Hyperkeratosis refers to the thickening of the skin due to excess production of keratin. Keratin is a strong protein and a key structural material for the skin, hair, and nails. In the skin, it bonds cells together and so forms the structure of the skin. It’s made by cells called keratinocytes, and those cells make up a large part of skin, hair, and nails.
In plain English, we can say that follicle refers to a ‘tube’ made of cells, such as in the hair canal. So follicular hyperkeratosis refers to excess keratin, and the problems it causes, in the skin follicles.
Follicular hyperkeratosis is a feature in many skin problems, such as psoriasis, acne, hidradenitis suppurativa (acne inversa), and keratosis pilaris. Hyperkeratosis is one of the earliest, if not the first, step in the acne formation process.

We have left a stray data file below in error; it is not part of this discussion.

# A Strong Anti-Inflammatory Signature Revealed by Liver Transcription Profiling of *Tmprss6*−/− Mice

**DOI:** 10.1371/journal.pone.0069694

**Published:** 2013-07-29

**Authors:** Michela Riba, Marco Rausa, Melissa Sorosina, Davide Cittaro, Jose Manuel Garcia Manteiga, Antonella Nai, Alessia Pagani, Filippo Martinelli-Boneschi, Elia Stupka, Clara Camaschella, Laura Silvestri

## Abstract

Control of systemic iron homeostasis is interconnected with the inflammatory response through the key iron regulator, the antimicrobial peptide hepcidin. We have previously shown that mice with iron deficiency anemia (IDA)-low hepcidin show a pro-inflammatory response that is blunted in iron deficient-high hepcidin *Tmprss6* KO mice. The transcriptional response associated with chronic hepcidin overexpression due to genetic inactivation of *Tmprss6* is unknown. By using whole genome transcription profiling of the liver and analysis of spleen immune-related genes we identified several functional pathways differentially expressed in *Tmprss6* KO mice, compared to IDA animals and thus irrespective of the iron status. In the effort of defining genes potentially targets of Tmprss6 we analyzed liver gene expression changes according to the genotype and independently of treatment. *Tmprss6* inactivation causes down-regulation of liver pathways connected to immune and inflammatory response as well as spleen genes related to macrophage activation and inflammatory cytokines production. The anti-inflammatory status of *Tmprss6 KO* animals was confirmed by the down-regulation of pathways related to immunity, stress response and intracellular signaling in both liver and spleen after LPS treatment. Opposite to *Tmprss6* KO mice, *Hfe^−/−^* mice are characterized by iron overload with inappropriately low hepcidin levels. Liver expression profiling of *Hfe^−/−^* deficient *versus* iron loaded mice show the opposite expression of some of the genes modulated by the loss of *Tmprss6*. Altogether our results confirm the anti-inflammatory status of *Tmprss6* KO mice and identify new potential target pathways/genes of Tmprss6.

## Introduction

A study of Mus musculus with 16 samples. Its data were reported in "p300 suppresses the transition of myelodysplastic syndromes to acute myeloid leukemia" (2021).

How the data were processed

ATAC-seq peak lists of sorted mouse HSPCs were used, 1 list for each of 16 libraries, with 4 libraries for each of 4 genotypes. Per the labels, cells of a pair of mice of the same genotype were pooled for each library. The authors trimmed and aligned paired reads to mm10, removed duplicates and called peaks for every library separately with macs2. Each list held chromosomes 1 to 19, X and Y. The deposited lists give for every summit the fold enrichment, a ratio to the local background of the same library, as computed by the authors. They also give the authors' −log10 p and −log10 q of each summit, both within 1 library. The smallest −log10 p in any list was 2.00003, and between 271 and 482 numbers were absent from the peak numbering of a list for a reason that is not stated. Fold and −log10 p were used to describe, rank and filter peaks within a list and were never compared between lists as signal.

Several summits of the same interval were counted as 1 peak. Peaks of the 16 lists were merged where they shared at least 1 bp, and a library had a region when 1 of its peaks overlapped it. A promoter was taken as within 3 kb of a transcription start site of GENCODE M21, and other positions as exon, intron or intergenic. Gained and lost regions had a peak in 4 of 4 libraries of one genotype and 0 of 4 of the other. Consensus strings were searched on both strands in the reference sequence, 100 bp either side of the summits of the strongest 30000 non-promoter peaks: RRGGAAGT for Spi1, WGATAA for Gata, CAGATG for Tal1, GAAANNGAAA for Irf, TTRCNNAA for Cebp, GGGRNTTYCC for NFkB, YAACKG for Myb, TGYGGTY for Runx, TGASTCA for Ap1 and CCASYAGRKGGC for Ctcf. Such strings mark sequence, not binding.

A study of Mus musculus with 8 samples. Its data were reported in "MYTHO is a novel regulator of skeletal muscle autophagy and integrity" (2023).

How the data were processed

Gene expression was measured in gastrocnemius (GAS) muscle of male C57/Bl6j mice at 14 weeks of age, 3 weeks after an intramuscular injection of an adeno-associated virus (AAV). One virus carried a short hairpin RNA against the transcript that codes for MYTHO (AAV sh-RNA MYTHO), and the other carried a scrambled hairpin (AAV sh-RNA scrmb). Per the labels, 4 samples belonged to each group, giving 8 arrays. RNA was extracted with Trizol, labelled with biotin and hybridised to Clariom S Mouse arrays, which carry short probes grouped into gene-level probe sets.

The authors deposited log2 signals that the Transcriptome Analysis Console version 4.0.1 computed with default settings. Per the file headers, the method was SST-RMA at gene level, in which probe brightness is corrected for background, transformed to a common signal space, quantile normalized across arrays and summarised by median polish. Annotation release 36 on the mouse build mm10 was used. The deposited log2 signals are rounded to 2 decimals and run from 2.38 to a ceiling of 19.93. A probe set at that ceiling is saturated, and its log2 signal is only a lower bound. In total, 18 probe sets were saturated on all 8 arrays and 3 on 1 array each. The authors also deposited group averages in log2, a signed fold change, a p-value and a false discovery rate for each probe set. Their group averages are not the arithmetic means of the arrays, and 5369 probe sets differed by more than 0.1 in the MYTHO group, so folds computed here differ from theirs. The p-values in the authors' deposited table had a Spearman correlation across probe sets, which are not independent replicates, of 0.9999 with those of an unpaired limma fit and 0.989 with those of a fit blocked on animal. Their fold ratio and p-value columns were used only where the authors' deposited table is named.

Excess keratin contributes to comedo formation in 2 ways:
- Keratinocytes accumulate on the walls of the skin follicle. As more and more accumulate, the walls thicken, and the tube opening narrows and eventually closes completely.
- Keratin prevents dead skin cells from separating, and, when mixed with sticky sebum, forms clumps of dead cells. These clumps block the skin follicle and form a microcomedo.
There’s no single cause to hyperkeratosis. Researchers have identified several factors that either cause or contribute to the process (source):
- Exposure to squalene peroxide. Squalene is a fatty substance that’s part of sebum. Exposure to oxidative damage (e.g. UV radiation, cigarette smoke, air pollution) degrades squalene into squalene peroxide, which is a highly comedogenic substance. I covered this in more detail in the inflammation and oxidative stress page.
- Stimulation by hormones.
- Contact with P. Acnes bacteria.
- Linoleic acid deficiency in the skin follicles.